The American Legacy Foundation's youth-focused anti-smoking campaign, Truth, is channeling auteur of the living dead George Romero with a new zombi-fied campaign tied to MTV's "The Real World."
"Real World: Zombieville" also parodies the MTV reality program itself and will air in tandem with "The Real World: New Orleans." Mirroring the show's tone and style, including the use of handheld cameras intercut with "confessional" testimonials from the cast, the Truth 60-second video series ties zombies to cigarettes.
As in "The Real World," (not to mention classic flesh-rending b-movies like "Night of the Living Dead") the videos put seven fictive strangers in a house surrounded by zombies. In each of the six episodes, in which zombies try to lure cast members out of their house and eat them, a different deleterious aspect of tobacco and its marketing is delineated in a way that makes zombies a metaphor for tobacco. In one video, the group cuts a zombie's arm off before he can break into their house. The arm bears a tobacco-style warning label, "Zombies are Known to Attack and Eat You."
The anti-tobacco message is downplayed. The series' teaser, for instance, shows zombies surrounding the house, with voiceover saying: "There's something out there ... that has been biologically engineered ... genetically altered ... and is killing over five million worldwide ... every year ..." but doesn't mention tobacco.
A section of the MTV Web site will include the Zombieville spots, background information on the Zombieville cast, and behind-the-scenes footage. Trailers started on Aug. 18, and the episodes end mid- September.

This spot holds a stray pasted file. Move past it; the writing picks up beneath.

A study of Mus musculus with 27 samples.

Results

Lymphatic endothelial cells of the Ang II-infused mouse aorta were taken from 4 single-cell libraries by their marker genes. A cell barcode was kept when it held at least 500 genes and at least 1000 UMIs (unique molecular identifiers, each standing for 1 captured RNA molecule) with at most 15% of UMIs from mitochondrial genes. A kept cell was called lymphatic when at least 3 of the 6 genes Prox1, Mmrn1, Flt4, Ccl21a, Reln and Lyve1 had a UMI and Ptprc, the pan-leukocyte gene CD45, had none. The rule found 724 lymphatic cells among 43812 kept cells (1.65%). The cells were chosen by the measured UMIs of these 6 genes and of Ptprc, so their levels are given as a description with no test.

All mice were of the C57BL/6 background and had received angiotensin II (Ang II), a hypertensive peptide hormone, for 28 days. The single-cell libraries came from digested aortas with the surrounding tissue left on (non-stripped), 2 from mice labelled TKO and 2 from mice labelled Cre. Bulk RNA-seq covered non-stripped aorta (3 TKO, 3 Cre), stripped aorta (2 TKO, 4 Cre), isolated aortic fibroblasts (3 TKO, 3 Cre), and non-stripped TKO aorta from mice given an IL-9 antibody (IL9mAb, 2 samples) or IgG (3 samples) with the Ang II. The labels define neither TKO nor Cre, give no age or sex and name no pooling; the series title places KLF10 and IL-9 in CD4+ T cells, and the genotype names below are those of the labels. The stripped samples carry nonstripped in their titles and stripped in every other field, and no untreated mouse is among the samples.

Truth has been involved with MTV for some years. Last October, Truth aired mini-episodes based on "Made" about young adults trying to make it on the Truth tour crew.
For "The Infectors" integration, two young men who were like MTV hosts talked about tobacco. In all five spots, a crowd of people interrupt innocent bystanders in everyday experiences to illustrate some of the claims made by tobacco industry executives.
Nicole Dorrier, senior director, youth prevention marketing at the Legacy Foundation, says MTV and Truth first teamed up in 2006. "What we found is that it works best when we use MTV's voice the way they intended it and couple it with Truth's message."
Dorrier says that for the zombie segments Truth worked with MTV's production team at its studios, with MTV handling production and Truth's creative team (Arnold Worldwide, Boston) helping to develop story lines.
The 60-second videos are meant to seem like part of "The Real World" or extensions of it, rather than as separate ads. "They will run within the programming of the show," she says. "What we like about it is, it feels like it's organic to the show, an extension of what they are already doing -- a mini-episode within the real episode."
She says that the choice to make zombies the central metaphor was based, at least on part, on the current vampire/supernatural fad. "It's very popular with teens right now, so we wanted to use those images in a humorous and almost ridiculous tone. It's very over the top." She says the parody is similar in tone to Truth's "Shards" campaign that posits a company that sells shards of broken glass.
In one of the new episodes, a zombie tries to lure girls out of the house by dressing in pink and teal outfits, which is intended to mirror a 2007 Camel campaign in candy colors.
Dorrier says Truth will partner with VH1 in the next few months and is about to launch an integration with CW around "Vampire Diaries" that goes live Aug. 27. "We are trying to work with all of our partners with TV and online to go beyond 30-second commercials."